Carbon capture and storage is the process of capturing carbon dioxide (CO2) formed during power generation and industrial processes and storing it so that it is not emitted into the atmosphere. Facilities with CCS can capture almost all of the CO2 they produce. Carbon capture and storage systems applied to a modern conventional power plants could reduce CO2 emissions to the atmosphere by approximately 80-90% compared to a plant without a carbon capture and storage system. As of 2019 there are 17 operating CCS projects in the world, capturing 31.5Mt of CO2 per year, of which 3.7 is stored geologically.
The carbon capture and storage chain consists of three parts: capturing the carbon dioxide, transporting the carbon dioxide, and storing the carbon dioxide. Carbon dioxide is often stored underground in depleted oil and gas fields or in deep saline aquifer formations.
Capture technologies allow the separation of carbon dioxide from gases by one of three methods: pre-combustion capture, post-combustion capture and oxyfuel combustion.
Pre-combustion capture systems convert solid, liquid, or gaseous fuel into a blend of hydrogen and CO2. This is achieved through processes of gasification or reforming. The result can be used to fuel electricity production and has been suggested as a possible fuel source for vehicles or home heating with lower emissions than current fuel sources.
Post-combustion capture involves capturing the carbon dioxide from the exhaust of a combustion system and absorbing it into a solvent before the pollutant elements are removed and compressed. These processes can include using high-pressure membrane filtration and cryogenic separation processes. This is the most common used process of carbon capture, especially for power plants.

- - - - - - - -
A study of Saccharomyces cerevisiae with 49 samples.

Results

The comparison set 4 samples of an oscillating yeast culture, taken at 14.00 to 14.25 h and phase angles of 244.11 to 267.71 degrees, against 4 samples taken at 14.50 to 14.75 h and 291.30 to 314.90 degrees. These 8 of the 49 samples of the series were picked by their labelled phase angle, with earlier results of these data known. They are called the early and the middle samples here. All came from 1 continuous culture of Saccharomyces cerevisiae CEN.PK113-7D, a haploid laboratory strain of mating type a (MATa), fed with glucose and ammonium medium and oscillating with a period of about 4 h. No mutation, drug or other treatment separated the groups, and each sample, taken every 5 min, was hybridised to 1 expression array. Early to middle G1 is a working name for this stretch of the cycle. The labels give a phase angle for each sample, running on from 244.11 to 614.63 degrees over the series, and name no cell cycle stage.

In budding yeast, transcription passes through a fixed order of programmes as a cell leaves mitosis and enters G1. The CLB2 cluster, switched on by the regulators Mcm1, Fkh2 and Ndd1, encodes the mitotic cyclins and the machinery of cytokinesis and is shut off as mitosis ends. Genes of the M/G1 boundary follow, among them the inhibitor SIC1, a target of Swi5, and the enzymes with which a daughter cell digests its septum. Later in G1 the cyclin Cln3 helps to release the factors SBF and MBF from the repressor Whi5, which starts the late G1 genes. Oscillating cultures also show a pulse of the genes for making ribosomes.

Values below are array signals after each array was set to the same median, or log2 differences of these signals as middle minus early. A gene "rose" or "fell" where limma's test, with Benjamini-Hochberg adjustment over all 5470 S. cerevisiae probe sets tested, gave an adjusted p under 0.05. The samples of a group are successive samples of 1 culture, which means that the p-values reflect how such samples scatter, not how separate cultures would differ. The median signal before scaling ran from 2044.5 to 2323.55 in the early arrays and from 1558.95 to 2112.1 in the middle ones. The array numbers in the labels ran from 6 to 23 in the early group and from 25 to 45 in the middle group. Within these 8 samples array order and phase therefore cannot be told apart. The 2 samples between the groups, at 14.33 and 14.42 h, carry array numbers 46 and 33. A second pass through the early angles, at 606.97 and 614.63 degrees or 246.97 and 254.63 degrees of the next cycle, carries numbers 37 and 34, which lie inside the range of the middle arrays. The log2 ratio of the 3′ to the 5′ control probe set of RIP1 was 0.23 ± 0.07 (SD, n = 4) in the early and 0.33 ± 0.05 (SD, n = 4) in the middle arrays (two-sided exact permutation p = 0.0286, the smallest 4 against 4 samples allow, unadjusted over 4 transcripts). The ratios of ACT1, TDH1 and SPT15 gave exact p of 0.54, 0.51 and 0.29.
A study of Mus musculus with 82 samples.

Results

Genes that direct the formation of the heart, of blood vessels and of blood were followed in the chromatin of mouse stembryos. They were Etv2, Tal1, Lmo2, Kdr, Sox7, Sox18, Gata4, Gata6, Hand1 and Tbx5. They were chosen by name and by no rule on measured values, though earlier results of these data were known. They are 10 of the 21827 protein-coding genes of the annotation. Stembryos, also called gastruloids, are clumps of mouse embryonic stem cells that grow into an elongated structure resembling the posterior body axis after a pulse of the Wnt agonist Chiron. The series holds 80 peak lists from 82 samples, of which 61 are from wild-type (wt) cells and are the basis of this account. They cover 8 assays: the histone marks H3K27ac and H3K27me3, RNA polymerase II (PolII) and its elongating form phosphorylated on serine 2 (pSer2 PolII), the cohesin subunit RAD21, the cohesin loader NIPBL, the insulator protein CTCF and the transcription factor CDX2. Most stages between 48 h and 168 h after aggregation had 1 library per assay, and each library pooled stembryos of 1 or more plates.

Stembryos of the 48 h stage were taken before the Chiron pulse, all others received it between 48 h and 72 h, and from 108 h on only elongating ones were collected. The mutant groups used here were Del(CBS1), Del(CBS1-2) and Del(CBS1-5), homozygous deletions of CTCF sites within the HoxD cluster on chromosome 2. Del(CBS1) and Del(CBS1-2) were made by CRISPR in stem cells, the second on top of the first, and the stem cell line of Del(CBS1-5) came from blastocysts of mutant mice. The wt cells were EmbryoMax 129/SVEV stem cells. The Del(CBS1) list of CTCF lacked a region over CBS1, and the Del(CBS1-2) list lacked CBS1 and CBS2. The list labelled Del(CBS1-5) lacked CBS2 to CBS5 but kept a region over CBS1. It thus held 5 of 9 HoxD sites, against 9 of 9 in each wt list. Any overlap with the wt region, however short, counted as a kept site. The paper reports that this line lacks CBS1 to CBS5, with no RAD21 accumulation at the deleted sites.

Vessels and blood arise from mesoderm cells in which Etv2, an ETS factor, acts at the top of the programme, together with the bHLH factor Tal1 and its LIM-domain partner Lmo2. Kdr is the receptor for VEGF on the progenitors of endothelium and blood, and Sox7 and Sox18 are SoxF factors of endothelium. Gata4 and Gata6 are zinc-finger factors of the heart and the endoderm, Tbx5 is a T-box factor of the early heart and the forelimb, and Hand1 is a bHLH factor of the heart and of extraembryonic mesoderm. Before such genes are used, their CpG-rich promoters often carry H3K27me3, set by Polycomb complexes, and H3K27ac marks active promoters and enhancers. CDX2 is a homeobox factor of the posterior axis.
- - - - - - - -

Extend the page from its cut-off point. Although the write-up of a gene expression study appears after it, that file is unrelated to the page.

Using oxy-fuel combustion, oxygen is separated from the air before combustion. The fuel is then combusted in oxygen using recycled flue-gas. This creates an atmosphere full of oxygen and nitrogen with flue-gasses (comprised of CO2 and water) and allows for easier purification.
In some cases, captured CO2 can be used to produce manufactured goods and in industrial and other processes, rather than being stored underground. One of the primary uses of CO2 is for enhanced oil recovery, a method of oil extraction that uses CO2 and water to drive oil up the well, improving oil recovery and sequestering the CO2 underground. A general problem is that long term predictions about submarine or underground storage security are very difficult and uncertain, and there is still the risk that some CO2 might leak into the atmosphere.
Captured carbon dioxide that is being stored is transported by pipeline, truck or by ship for safe storage. Millions of tons of carbon dioxide are already transported annually for commercial purposes by road tanker, ship and pipelines. And as many tons of carbon dioxide are transported to be stored underground. It is also possible for carbon capture and storage systems to be combined with biomass which can result in net negative emissions.